By Robert Haugh
Yesterday morning, the City Council had a special meeting to ratify the 48-hour curfew that was implemented earlier this week.
But the big story was George Floyd, the man who tragically died on May 25 in Minneapolis when a police officer knelt on his neck.
Mayor Lisa Gillmor and City Attorney Brian Doyle made some stirring remarks.
You can watch Gillmor’s statement. It’s less than five minutes.
She’s followed by Doyle’s statement. It’s less than three minutes.
We got copies of both statements and have reprinted them with permission below.
And here’s a photo of the moment of silence when city leaders knelt together. The meeting was adjourned in Floyd’s honor.
Statement of Mayor Lisa Gillmor, June 4, 2020
This morning, I’m presiding over a special meeting of the City Council. Our task today is a simple one — to adopt a resolution ratifying our curfew. But this morning in Santa Clara and in America a lot of things don’t seem simple. And a lot of things just don’t seem right. I hear that from our residents. I hear that from my kids. And I feel it in my heart.
For months, we’ve battled the most serious public health crisis in a century. We’ve been forced to change our lives and habits. And in Santa Clara, we’ve risen to the challenge. I’m proud of our City.
We’ve demonstrated that to protect ourselves and our families, we’ve had to act as a community. We’ve had to care about our neighbors as much as we care about ourselves. That’s why we wear masks in public. That’s why we maintain social distance. That’s why we deliver food to seniors who can’t shop and to school kids who would go hungry without our help.
Now, we face another challenge.
Ten days ago in Minneapolis, George Floyd died tragically — terribly — under the knee of a police officer. The world saw George Floyd plead for help. The world saw George Floyd beg to breathe. The world saw George Floyd die. And the world, our world, will never be the same.
If we could go back in time and change nine minutes, we would. Then, George Floyd would return to life and his family and his community. But we can’t. We can only move forward. And as we move forward, we can dedicate ourselves to make the world a better place. We can, in fact we must dedicate ourselves to change our communities and our nation. We don’t want to see anyone treated like George Floyd in Santa Clara or anywhere in the world.
As a mayor and as a mother, I’m really concerned that we’re at a major tipping point for our future. But I’m also optimistic. I see what we’ve done as a community in Santa Clara to respond to the pandemic. Every day, I see genuine concern for our neighbors and the most vulnerable among us. I see Santa Clarans pulling together. We know that black lives matter. We know that as President Barack Obama said yesterday: “your lives matter. Your dreams matter.” We know that we have to take care of each other if we want to take care of ourselves.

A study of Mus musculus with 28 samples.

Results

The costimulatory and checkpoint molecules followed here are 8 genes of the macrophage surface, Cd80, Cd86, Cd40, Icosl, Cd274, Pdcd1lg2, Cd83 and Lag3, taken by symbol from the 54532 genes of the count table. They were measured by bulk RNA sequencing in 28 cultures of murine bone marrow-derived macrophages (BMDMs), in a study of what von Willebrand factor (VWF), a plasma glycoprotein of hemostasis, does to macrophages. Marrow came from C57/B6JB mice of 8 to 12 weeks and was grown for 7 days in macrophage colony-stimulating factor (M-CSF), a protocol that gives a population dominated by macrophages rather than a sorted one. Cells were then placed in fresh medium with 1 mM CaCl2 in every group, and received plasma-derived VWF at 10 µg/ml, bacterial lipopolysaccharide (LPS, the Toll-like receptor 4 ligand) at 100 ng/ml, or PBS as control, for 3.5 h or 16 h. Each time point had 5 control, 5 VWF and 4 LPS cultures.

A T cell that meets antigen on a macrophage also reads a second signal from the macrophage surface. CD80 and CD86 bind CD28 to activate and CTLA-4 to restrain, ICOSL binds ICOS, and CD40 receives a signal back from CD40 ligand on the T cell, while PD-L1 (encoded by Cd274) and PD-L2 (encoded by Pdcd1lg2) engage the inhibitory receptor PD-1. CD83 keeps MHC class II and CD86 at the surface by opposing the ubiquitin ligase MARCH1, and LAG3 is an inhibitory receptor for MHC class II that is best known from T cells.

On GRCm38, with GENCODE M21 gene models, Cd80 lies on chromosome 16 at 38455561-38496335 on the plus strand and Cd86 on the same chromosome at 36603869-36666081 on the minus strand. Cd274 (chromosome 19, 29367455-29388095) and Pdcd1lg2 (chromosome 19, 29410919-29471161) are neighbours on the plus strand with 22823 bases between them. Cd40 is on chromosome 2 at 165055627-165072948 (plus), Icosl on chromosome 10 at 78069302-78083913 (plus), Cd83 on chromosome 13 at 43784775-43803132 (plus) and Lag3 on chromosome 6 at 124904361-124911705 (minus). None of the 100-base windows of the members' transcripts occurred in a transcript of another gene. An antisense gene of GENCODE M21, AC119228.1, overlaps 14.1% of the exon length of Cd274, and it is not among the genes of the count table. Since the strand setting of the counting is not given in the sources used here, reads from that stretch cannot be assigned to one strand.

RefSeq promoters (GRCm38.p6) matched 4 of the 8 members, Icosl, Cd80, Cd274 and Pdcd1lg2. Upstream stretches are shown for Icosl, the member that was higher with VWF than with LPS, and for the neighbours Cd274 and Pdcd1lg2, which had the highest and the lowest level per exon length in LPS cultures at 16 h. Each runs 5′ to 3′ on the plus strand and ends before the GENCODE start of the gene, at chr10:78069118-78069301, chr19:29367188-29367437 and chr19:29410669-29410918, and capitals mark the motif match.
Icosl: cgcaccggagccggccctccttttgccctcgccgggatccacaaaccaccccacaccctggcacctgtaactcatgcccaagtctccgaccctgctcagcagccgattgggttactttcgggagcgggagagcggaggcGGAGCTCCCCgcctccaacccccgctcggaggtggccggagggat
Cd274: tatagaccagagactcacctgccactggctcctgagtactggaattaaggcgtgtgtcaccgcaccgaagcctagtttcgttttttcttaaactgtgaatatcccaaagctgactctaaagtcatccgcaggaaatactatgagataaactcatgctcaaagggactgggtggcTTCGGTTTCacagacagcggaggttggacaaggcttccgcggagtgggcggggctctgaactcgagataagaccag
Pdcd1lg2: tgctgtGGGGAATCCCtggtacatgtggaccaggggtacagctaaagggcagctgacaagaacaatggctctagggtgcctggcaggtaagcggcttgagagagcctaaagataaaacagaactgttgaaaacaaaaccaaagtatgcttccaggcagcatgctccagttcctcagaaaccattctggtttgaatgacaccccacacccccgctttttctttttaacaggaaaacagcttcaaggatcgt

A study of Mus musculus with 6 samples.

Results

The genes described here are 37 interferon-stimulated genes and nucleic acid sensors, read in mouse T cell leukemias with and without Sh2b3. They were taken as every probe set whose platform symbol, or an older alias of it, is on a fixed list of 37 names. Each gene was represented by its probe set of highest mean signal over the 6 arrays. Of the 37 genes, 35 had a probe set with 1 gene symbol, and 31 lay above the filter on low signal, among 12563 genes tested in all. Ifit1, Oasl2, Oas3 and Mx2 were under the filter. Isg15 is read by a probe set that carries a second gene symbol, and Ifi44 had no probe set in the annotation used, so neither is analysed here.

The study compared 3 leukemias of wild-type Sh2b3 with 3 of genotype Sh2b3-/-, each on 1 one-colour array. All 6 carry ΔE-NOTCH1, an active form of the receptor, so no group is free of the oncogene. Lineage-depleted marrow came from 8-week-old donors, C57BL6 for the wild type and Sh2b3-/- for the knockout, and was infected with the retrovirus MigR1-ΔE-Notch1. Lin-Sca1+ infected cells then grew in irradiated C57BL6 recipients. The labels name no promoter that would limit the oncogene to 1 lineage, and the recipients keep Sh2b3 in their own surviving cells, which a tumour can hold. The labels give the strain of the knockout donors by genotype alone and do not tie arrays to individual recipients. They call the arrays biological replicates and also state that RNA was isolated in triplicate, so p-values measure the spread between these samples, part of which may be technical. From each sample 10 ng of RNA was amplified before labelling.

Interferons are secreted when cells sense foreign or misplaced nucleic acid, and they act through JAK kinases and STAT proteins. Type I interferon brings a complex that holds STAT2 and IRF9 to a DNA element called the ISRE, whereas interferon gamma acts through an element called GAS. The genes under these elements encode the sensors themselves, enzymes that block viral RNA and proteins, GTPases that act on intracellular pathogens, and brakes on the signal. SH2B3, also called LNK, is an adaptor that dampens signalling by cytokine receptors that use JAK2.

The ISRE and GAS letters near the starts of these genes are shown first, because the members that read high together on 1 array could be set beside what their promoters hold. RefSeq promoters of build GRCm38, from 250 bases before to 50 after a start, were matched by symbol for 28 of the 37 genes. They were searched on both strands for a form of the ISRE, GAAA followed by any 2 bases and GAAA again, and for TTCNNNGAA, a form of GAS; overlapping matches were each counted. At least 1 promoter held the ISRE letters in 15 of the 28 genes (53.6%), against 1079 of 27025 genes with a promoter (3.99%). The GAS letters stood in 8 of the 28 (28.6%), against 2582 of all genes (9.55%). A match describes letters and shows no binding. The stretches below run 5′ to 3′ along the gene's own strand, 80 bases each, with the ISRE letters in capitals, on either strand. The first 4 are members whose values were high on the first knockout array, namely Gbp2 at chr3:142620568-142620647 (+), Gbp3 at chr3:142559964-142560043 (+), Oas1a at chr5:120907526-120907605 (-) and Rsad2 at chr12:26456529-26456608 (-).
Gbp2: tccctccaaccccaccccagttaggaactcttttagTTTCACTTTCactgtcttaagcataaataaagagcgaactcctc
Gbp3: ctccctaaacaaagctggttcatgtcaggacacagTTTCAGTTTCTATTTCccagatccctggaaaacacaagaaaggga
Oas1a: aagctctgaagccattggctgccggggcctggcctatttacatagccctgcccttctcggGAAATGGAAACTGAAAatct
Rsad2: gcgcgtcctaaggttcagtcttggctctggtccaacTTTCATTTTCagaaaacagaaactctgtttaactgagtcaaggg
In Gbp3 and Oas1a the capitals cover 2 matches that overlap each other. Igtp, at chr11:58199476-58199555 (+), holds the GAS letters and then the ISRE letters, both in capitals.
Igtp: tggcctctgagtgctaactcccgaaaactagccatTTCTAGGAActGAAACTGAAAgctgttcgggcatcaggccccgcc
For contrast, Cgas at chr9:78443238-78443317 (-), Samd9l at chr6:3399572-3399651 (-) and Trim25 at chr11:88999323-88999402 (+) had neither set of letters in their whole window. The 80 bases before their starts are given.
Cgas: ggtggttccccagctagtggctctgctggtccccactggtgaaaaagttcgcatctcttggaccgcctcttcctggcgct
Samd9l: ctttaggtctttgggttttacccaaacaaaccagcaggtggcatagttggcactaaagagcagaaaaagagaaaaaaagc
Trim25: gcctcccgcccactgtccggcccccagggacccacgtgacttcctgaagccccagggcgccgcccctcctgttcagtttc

That’s even more true and more challenging in a multicultural and multi-racial city like Santa Clara. Our neighbors are of different races and religions and sexual orientations. We may look different. We may speak different languages. But we’re all Santa Clarans. And we’re all pulling together for each other. That’s what’s required if we want to make our world a better, more peaceful place and to honor the memory of George Floyd to whom we are dedicating today’s meeting.
Statement of City Attorney Brian Doyle, June 4, 2020
As the City Attorney of the city where Colin Kaepernick first took a knee and as the father of two biracial African American children who live and go to school in Santa Clara, I feel that I must say something at this moment in history. What struck me most about George Floyd’s killing was not only the act itself but the blatant open manner in which it was conducted. With cameras rolling in front of dozens of witnesses those officers took the life an unarmed man being taken into custody for allegedly passing a fake twenty.
Growing up as the brother of a man who struggled with mental illness all his life, I saw compassionate police officers take a severely distressed young white man into custody under very difficult circumstances. So I know it can be done safely by officers who take the care to do it properly.
Just last year, my sister and her African American husband were driving through Arkansas when they were followed for miles and inevitably pulled over by a white highway patrolman. Without even being told the reason for the stop, my brother in law was ordered to exit his car and get into the back of the patrol car. As he got out, the patrolman commented: “you’re a big one aren’t you.” He refused to get into the patrol car.
Eventually they got out of the situation without a ticket or physical abuse. They left the state and drove all the way back to New York without stopping, vowing never to go to Arkansas again. My brother in law was terrified of that encounter, as are almost all black men who are targeted by police.
Santa Clara is not Arkansas. In fact, having lived here in an interracial family, I think the diverse Bay Area is one of the best places to live in peace with our neighbors of all races. But neither has Santa Clara become a racial utopia. I have observed instances of what I at least perceived to be biased actions, even by some of our police officers. When I spoke to the previous police chief [Mike Sellers] last year about one of them he promised to get back to me. I’m still waiting. I call upon all of us to engage honestly with the community and with each other to further break down the attitudes that separate us, so that we can see each other as brothers and sisters and treat each other with the respect that deserves.